Ever wanted to grill the SRA’s top brass, but never had the opportunity? Now’s your chance, at least by proxy. Last week the Commons justice committee announced it will hear evidence on regulation from the SRA, CILEx Regulation and the Bar Standards Board. (Along with their attendant representative bodies.) MPs on the cross-party committee want you to tell them what to ask.
Coincidentally, the SRA issued a statement this week saying the complaints it received about the firm were ‘nothing out of the ordinary’. To what extent will the regulator’s costly ignorance get it off the hook? (Very costly, because 160,000 solicitors are potentially on the hook for millions in compensation.)
Axiom’s accounts were ‘well-ordered’ on their face, says the SRA. That is an exculpatory statement we have heard many times – from audit firms whose clients imploded shortly after their numbers were given a clean bill of health. The SRA is not an auditor, of course. It can be expected to allude to the benefits of hindsight.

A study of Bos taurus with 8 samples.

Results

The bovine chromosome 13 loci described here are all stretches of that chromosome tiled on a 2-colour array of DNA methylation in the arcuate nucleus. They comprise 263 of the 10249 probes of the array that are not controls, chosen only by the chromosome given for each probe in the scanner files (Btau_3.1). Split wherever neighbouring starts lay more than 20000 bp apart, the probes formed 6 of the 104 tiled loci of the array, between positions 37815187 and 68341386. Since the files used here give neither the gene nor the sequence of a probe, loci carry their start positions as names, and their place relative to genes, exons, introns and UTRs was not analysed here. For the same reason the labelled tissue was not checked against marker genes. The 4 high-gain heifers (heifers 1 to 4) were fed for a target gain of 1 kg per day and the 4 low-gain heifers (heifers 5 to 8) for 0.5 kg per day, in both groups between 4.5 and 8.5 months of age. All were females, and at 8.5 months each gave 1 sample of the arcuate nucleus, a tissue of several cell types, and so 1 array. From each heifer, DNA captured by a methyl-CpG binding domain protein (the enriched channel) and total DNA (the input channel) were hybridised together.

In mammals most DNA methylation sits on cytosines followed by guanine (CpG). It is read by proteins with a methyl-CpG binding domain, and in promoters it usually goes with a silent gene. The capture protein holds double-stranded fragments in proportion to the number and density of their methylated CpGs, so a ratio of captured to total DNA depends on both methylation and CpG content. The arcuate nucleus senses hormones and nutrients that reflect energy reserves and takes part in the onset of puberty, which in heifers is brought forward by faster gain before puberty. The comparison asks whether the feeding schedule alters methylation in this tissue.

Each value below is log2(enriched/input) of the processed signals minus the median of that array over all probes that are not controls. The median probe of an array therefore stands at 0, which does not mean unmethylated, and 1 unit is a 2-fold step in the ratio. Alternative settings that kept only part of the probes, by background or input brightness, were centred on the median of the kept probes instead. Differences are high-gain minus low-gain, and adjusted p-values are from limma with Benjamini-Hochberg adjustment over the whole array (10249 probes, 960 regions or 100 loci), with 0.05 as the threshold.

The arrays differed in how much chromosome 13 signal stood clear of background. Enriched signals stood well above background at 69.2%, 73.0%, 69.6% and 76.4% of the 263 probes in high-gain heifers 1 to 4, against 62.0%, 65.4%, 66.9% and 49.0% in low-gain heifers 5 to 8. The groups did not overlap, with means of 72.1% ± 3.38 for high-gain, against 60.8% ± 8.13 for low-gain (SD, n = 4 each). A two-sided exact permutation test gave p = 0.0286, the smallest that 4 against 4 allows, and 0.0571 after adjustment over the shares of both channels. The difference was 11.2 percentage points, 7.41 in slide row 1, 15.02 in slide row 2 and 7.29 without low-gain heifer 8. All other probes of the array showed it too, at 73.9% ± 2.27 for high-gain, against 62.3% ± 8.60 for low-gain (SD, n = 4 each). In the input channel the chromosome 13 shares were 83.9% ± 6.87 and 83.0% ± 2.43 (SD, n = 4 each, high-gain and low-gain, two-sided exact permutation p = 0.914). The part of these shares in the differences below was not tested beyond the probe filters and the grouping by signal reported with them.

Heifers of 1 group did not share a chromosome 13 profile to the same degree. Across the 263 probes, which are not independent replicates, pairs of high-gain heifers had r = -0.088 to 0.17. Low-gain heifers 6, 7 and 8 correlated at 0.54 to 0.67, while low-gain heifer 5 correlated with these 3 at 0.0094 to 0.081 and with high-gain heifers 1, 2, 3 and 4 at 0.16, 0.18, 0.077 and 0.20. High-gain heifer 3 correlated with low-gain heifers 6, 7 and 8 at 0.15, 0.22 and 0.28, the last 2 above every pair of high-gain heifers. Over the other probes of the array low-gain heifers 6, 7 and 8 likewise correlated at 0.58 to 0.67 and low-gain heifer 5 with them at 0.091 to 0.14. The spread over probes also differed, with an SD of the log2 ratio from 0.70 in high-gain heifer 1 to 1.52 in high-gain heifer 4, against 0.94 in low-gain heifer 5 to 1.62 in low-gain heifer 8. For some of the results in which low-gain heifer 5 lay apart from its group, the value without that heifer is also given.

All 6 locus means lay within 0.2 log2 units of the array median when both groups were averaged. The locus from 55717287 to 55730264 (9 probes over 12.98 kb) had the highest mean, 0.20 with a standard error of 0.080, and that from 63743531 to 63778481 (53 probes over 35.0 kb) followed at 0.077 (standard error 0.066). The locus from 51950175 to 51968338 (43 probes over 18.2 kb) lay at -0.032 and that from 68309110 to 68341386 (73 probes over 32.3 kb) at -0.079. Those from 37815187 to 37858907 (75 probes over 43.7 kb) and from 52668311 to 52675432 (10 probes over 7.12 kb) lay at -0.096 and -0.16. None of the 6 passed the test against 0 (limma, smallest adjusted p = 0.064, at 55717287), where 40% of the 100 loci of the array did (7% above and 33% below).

Over-regulation is also ripe for interrogation. The scale and scope of compliance obligations continue to multiply. Logic suggests that, for smaller firms at least, there has to be a limit on their volume or practice becomes unworkable. What is it reasonable to mandate?
Empire-building might also be worth raising. Why do the SRA and CILEX consider it ‘in the public interest’ for legal executives to come under the former? There is negligible evidence that legal execs, or indeed solicitors, desire such an outcome, and the public is (surely) indifferent.
A few corollaries here: is there a hidden agenda? Is the SRA’s courting of legal executives merely a convenient conduit to superintendence of all lawyers via its transformation into a single regulator?
And what about the many businesses offering unregulated legal services? If the consumer interest is paramount, why aren’t they properly supervised too? Maybe the SRA would like the job.